My last post I touched on using a visual countdown to show the kiddos how many days they have to wait to see their firefighter. My husband and I are blessed to be raising a child with Autism. I say that we are blessed because it has opened up our world to new ways of communicating and teaching. We have had to adjust the way that we speak, move, and grow.
One of the valuable lessons I have learned parenting a child with Autism, is that humans use all of their senses when they learn. Some people have more dominate senses, but in general, we use auditory and visual stimuli to learn. Having learned this early on, we created a countdown calendar at home for daddy's duty days. Whether it be a regular shift, or a campaign fire, the boys can see how many days it will be until daddy walks through the door.
There is an awesome artist in our hometown that makes beautiful signs from old barn wood and other scrap pieces. I had been looking for the perfect calendar, when I saw that she was making custom chalkboards. I immediately sent her an email and asked her to create something for me. She chose an old cupboard door that was a dark wood. It was perfect for our uses. Our boys counted down the days by counting good nights and wake ups. So if my husband is going to be gone for 4 nights, then it is counted as 4 good nights and a wake up. I wanted a chalkboard that we could write the number on and the rest of the phrase was painted on. I added a little yellow helmet at the end of the phrase to signify his position in the fire service. It was astounding how quickly this countdown started to work. No longer did the boys ask me insistently when daddy would be home. The day that we put the countdown on the wall all the stress of communicating the long days was over. If I am being honest with myself, I need the countdown just as much as they do!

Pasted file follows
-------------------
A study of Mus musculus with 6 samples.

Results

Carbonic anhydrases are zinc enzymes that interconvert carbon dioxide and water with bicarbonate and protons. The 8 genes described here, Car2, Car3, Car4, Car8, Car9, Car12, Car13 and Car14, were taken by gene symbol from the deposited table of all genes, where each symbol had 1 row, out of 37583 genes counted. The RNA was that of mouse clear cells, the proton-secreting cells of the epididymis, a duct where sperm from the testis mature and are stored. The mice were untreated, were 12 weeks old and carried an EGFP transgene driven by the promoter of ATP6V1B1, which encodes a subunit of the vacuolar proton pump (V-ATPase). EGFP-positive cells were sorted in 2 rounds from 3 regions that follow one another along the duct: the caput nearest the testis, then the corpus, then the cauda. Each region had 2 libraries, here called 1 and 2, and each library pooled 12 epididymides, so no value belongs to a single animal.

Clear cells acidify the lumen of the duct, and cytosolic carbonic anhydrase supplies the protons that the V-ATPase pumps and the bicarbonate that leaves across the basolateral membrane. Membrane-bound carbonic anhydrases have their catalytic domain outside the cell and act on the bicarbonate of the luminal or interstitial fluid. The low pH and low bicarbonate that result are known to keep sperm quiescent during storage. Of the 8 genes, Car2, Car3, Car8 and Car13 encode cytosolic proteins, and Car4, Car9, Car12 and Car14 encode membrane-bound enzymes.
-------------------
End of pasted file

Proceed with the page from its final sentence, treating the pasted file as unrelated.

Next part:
Here are my rules for the countdown:
- The number has to decrease and can not increase. When we know that my spouse does not have scheduled vacation during the summer, the number is always the number of days until his next scheduled vacation. Sometimes that can 30 or more days. It is always better to surprise the kids with less days than to disappoint them with more.
- There is no drawing on the board. The only thing allowed is numbers. We change the number in the morning. The boys like to take turns doing it. This chalk board is strictly for visual reminders of how long they have to wait. Sometimes, it is even for me.
- It's only for DUTY DAYS. This means that we don't use this board for anything but daddy's duty days. This board is specifically for the boys to countdown the days until daddy comes home.
Before we had this countdown in place, the boys were anxious, asked a lot of questions, and were very emotional about daddy leaving for work. Now, with the help of this countdown, they rarely ask when dad is coming home, have less anxiety, and seem pretty well adjusted to dad taking off for work. If you don't have a countdown already, do yourself a HUGE favor and get one started! I have some other tricks up my sleeve that I will share soon! Stay tuned!